What was once Yugoslavia is now Bosnia, Croatia, Macedonia, Servia and Montenegro, and Slovenia. In 1993, the world witnessed Czechoslovakia split into the Czech Republic and Slovakia. In 1991, the Union of Soviet Socialist Republics (USSR) broke up into fifteen new countries. One of which included the Ukraine. Now, it seems that another fragmentation is quivering on the horizon.
This week, the Ukrainian government submitted a law that would offer “special status” to the breakaway Donetsk and Luhansk regions for three years. The main provisions of the law include amnesty for those who participated in the events in those regions, the right to use Russian as an official language, the election of local councils, funds for social and economic development from the state budget, and the right to form local police forces.
There is speculation that the Ukraine and Russia are negotiating what level of autonomy should be held by eastern Ukraine. Moscow is pushing for a federal system that would allow for the region to maintain independent foreign relations. There are also suggestions that Moscow wants to implement a system that would allow the east to veto attempts by the western Ukraine to move closer to the West and the European Union.
The burning question stemming from all of this is whether or not the Ukraine should dissolve and secede from the Russian take over. However, when the USSR collapsed twenty years ago, the belief was that the Ukraine was going to be independent then. Under the UN Charter, the right to secede is referred to as the right to self-determination.
The UN Charter suggests that those advocating for separatism have every right to at least advocate their cause. Chapter 1, Article, 1 part 2, states of the Charter states that “To develop friendly relations among nations based on respect for the principle of equal rights and self-determination of peoples, and to take other appropriate measures to strengthen universal peace”. Article 1 in both the International Covenant on Civil and Political Rights and the International Covenant on Economic, Social and Cultural Rights reads: “All peoples have the right of self-determination. By virtue of that right they freely determine their political status and freely pursue their economic, social and cultural development.”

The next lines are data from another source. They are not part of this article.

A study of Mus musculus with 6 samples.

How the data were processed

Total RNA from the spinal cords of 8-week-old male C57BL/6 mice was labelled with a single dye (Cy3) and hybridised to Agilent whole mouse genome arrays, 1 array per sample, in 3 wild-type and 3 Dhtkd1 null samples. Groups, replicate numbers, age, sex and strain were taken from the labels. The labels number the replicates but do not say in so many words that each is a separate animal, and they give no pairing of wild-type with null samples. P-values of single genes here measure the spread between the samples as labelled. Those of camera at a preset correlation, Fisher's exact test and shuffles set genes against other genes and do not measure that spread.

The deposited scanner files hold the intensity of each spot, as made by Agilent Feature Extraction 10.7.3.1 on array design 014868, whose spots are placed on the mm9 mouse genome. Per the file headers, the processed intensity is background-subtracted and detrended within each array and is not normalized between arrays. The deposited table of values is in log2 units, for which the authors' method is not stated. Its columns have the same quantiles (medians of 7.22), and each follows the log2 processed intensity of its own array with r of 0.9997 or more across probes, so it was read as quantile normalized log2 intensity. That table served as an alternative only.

Part 1, Article 1, Section 3 of the International Covenant on Civil and Political Rights also states that “The States Parties to the present Covenant, including those having responsibility for the administration of Non-Self-Governing and Trust Territories, shall promote the realization of the right of self-determination, and shall respect that right, in conformity with the provisions of the Charter of the United Nations.”
The United Nations Universal Declaration of Human Rights article 15 states that everyone has the right to a nationality and that no one should be arbitrarily deprived of a nationality or denied the right to change nationality.
However, Chapter 1, Article 2, Section 7 of the UN Charter also says that “Nothing contained in the present Charter shall authorize the United Nations to intervene in matters which are essentially within the domestic jurisdiction of any state”. This language seemingly contradicts the principal of self-determination.
But despite all of these aspirations, if the language of the UN Charter recognizes the right to self-determination, should the Ukraine exercise it? Is Russia violating even more rights by prohibiting the Ukraine from seceding? Should the UN Charter be revised to eliminate the seemingly paradoxical language?